The high school coaches started to laugh as soon as they saw him walk through the door. Seconds later, Trooper Taylor was there, exchanging handshakes, laughing, talking, telling jokes.
Senior Editor Phillip Marshall
In the stands at Beard-Eaves Memorial Coliseum, high school players, coaches and parents in town for Auburn’s last football camp of the summer were finding seats. Once they were there, Taylor took the microphone and shared his story.
Taylor talked about growing up in a family of 16 children, about the last time he saw his father alive and the story of why the wears his cap backward in honor of his father. He told them about the men in his life who helped fill the void for a 12-year-old, though “most of them weren’t the same color as I was and none of them had the same last name.” He talked about declining his father’s request for a kiss on the morning, the regret he felt for that and his love and devotion for his own family.
There is, you see, a very serious side to Trooper Taylor. Listen to him tell his story, and you know it’s a very real part of all that he is. When he talks about family, he means it. Those men who were there for him all those years ago inspired him to do what he does today – to be a coach, a mentor, to open his heart, to say to the young men who come his way “we are family.”
It’s not by accident that Taylor is a favorite of Auburn players – black players, white players, players who have almost nothing and players who have plenty.
Not everyone likes it when Taylor runs down the sideline waving his towel on football Saturdays. Not everyone likes the effervescent personality. But fans love it. Players love it.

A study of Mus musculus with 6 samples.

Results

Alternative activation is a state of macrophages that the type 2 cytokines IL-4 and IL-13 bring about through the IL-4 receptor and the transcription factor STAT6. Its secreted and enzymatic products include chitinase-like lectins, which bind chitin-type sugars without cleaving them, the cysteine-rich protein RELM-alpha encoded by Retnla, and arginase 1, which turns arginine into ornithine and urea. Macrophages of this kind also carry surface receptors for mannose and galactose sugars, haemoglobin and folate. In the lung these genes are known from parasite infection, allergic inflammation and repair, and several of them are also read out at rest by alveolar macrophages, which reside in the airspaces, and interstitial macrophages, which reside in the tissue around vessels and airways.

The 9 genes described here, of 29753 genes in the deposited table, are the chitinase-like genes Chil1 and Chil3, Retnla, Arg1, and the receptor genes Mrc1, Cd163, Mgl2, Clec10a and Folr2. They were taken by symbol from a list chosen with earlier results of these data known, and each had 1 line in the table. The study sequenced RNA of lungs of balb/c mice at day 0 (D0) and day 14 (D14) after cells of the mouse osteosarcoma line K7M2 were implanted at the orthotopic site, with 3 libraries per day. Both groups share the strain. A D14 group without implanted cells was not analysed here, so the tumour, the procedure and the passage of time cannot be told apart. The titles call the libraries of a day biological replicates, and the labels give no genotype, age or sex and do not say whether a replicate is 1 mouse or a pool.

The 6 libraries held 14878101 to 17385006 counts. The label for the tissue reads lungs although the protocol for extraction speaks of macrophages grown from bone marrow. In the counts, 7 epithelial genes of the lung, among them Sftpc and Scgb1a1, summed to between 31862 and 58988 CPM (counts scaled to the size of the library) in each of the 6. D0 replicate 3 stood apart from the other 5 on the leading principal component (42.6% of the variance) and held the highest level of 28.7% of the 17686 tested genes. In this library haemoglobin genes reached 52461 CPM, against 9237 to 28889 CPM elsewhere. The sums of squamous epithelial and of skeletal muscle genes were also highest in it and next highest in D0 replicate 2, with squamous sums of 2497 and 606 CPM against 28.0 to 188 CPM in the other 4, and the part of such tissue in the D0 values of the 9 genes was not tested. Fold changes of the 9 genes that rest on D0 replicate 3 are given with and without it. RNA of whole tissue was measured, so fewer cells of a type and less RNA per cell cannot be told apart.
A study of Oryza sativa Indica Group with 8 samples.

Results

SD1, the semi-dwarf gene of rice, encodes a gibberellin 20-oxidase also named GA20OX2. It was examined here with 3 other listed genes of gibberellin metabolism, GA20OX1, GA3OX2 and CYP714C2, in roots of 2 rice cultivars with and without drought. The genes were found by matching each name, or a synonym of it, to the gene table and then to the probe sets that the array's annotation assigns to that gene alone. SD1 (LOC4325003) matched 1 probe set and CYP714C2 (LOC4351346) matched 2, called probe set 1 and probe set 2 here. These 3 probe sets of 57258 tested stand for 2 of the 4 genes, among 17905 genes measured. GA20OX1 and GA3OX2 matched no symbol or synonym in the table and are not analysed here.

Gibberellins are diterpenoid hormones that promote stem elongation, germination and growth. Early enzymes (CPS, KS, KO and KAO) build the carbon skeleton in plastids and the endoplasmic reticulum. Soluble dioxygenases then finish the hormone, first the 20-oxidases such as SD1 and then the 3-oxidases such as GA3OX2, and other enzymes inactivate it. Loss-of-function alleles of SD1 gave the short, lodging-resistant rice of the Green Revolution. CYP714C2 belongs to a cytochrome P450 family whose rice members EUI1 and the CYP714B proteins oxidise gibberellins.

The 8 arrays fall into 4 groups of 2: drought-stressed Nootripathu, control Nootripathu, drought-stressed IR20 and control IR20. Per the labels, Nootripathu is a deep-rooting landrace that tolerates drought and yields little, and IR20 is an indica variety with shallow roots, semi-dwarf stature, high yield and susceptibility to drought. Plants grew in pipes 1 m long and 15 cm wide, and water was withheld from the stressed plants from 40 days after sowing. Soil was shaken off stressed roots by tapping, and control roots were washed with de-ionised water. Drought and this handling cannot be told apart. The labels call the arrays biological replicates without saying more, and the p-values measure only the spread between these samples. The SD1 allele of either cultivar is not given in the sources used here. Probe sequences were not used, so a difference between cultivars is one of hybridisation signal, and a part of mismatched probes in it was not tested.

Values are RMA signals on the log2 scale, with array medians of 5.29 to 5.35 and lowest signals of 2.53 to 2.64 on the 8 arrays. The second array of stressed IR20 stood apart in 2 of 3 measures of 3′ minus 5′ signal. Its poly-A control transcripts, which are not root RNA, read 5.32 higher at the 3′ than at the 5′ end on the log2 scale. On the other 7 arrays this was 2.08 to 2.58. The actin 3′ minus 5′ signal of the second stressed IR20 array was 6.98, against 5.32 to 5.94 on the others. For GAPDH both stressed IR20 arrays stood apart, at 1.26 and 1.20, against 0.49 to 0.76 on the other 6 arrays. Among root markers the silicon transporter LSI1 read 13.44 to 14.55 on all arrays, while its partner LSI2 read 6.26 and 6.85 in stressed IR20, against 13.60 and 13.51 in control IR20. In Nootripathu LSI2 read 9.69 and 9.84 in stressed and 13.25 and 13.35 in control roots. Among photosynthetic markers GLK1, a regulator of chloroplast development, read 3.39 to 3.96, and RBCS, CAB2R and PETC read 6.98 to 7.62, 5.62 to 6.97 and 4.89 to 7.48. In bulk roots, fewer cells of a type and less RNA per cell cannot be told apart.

Those same players will tell you quickly that Taylor can coach, too. He resurrected the careers of Darvin Adams and Terrell Zachery, who had been all but discarded by the previous staff. He is a demanding taskmaster on the practice field.
The way Taylor’s personality fills a room, it comes as no surprise that he is a recruiter supreme. His success has earned him share of critics. He shrugs them aside.
“Everybody is entitled to their own opinions,” Taylor told me in an interview for a story last month. “If it was my mom saying it, it would bother me. If it was somebody I’ve worked for or a coach I’ve played for, it would bother me. If it was a player that played for me, it would bother me. You can’t please everybody.”
Some of the nation’s top prospects were in town Saturday to see what Auburn football was all about. They will no doubt remember the coach with his cap on backward, the coach with a big smile and an infectious laugh, the coach who talked more about family than football.